Criminals in the country’s oil sector, who claim to have privileged access to crude oil, are offering the commodity at huge discounts to interested traders.
Oil traders, however, view the deals as too good to be genuine, as documents from the criminals’ companies show that spot cargoes of several hundred thousand barrels of crude can be picked up at discounts of up to $10m.
Traders in the oil sector told Reuters that the documents were suspiciously flawed.
According to them, this indicates that financial crimes in the country have definitely hit the oil industry.
The obscure firms involved in the fraudulent activities include one United-Kingdom registered company purporting to be near the top of a sales chain in which oil cargoes can change hands up to half a dozen times before being refined.
Two of the firms said they were able to sell oil cheaply because of special access to the Nigerian National Petroleum Corporation’s contracts.
The NNPC, in a bid to warn oil marketers of scammers in the sector, had placed a “Scam Alert” on its website drawing attention to the “unsavoury characters purporting to be bona fide staff of the NNPC or contractors to NNPC or purchasers of Nigerian crude oil or contractors to the Nigerian government.”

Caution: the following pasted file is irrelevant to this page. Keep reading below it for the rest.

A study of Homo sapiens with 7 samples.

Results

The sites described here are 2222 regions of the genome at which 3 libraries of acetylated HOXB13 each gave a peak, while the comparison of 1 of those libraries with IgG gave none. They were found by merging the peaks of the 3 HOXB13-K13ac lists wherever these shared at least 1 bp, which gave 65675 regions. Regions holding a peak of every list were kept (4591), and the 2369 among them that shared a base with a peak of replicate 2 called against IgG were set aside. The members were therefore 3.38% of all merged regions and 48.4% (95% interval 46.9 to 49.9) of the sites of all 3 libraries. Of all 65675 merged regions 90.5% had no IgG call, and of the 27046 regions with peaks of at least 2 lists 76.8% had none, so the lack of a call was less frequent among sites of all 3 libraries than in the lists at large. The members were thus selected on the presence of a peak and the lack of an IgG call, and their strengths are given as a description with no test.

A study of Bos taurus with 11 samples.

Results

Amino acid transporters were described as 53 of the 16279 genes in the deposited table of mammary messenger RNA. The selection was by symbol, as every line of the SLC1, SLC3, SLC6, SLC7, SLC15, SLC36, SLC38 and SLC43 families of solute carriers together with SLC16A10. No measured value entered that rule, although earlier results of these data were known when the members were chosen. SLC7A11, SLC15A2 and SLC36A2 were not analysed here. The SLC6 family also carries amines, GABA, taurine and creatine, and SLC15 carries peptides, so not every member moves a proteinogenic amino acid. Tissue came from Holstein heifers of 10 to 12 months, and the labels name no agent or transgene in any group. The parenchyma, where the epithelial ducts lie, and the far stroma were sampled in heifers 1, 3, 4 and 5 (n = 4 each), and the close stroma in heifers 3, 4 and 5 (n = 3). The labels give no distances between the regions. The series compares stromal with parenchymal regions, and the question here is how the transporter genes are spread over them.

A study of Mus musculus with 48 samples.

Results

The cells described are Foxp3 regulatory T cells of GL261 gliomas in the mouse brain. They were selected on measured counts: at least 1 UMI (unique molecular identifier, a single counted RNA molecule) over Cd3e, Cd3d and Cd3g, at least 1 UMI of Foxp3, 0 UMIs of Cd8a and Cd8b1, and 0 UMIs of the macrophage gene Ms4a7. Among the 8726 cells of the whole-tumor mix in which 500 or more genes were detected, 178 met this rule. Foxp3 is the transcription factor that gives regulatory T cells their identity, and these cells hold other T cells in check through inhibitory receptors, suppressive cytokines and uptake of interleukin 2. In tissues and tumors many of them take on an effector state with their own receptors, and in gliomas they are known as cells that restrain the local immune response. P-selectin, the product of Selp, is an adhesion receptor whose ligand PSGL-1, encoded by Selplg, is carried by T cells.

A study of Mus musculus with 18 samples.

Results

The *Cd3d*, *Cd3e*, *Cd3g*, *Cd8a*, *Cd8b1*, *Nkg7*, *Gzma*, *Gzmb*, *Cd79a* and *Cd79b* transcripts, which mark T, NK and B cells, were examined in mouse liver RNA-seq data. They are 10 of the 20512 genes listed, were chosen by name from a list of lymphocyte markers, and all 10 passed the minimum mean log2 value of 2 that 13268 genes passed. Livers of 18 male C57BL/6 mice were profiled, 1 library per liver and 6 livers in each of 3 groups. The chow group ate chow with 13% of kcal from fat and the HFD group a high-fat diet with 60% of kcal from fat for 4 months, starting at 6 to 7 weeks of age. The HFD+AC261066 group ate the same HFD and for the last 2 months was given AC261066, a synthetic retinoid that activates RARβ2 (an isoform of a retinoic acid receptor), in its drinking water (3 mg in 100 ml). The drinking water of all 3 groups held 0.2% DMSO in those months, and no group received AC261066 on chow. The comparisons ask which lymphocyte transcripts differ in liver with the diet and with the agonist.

Industry analysts said the difficulty faced by the present administration in making reforms during time of considerable doubt over who was responsible for selling oil was one factor enabling the fraudsters.
Though some measures were recently adopted to streamline the entry for participation in NNPC’s 2012-2013 term allocations, the results have not appeared since the initial tender document was released in March.
Five written offers from some of the firms showed a close resemblance to official paperwork circulated among traders, including documents attributed to NNPC, stamps from terminal operators and shipping lists with vessels and loading dates.
“They are full of imagination,” a West African oil trader told Reuters, while commenting on the document.
Another oil trader with a London-based oil firm suspected that some of the offers were attempts to resell the oil siphoned off by thieves in the Niger Delta, since the majority of offers were for the local grade Bonny Light.
“A lot of this oil on the side may be bunkered (stolen) and does go to people in the Delta to sell. It is a side business and I think some buyers are doing good business there,” the source, who preferred not to be named, said.
Nigeria’s oil is sold by equity holders including oil majors Total and Royal Dutch Shell, which have a stake in production and via term contracts handed mostly to oil trading firms.
The large number of companies involved in selling oil via term contracts means it can be tough for even experienced traders to tell the difference between real and fake offers.
Industry sources said the number of companies selling Nigeria’s oil increased dramatically after Jonathan’s election as part of a strategy to broaden local participation in the country’s oil sector.
But critics point to this as an example of the cronyism that is helping to buttress support for Nigeria’s political elite.
“It will be interesting to see whether the issuing of the latest crude tender to include Nigerian companies is a return to the political patronage of the past dressed up as increasing Nigerian content,” said an oil industry consulting source in Nigeria.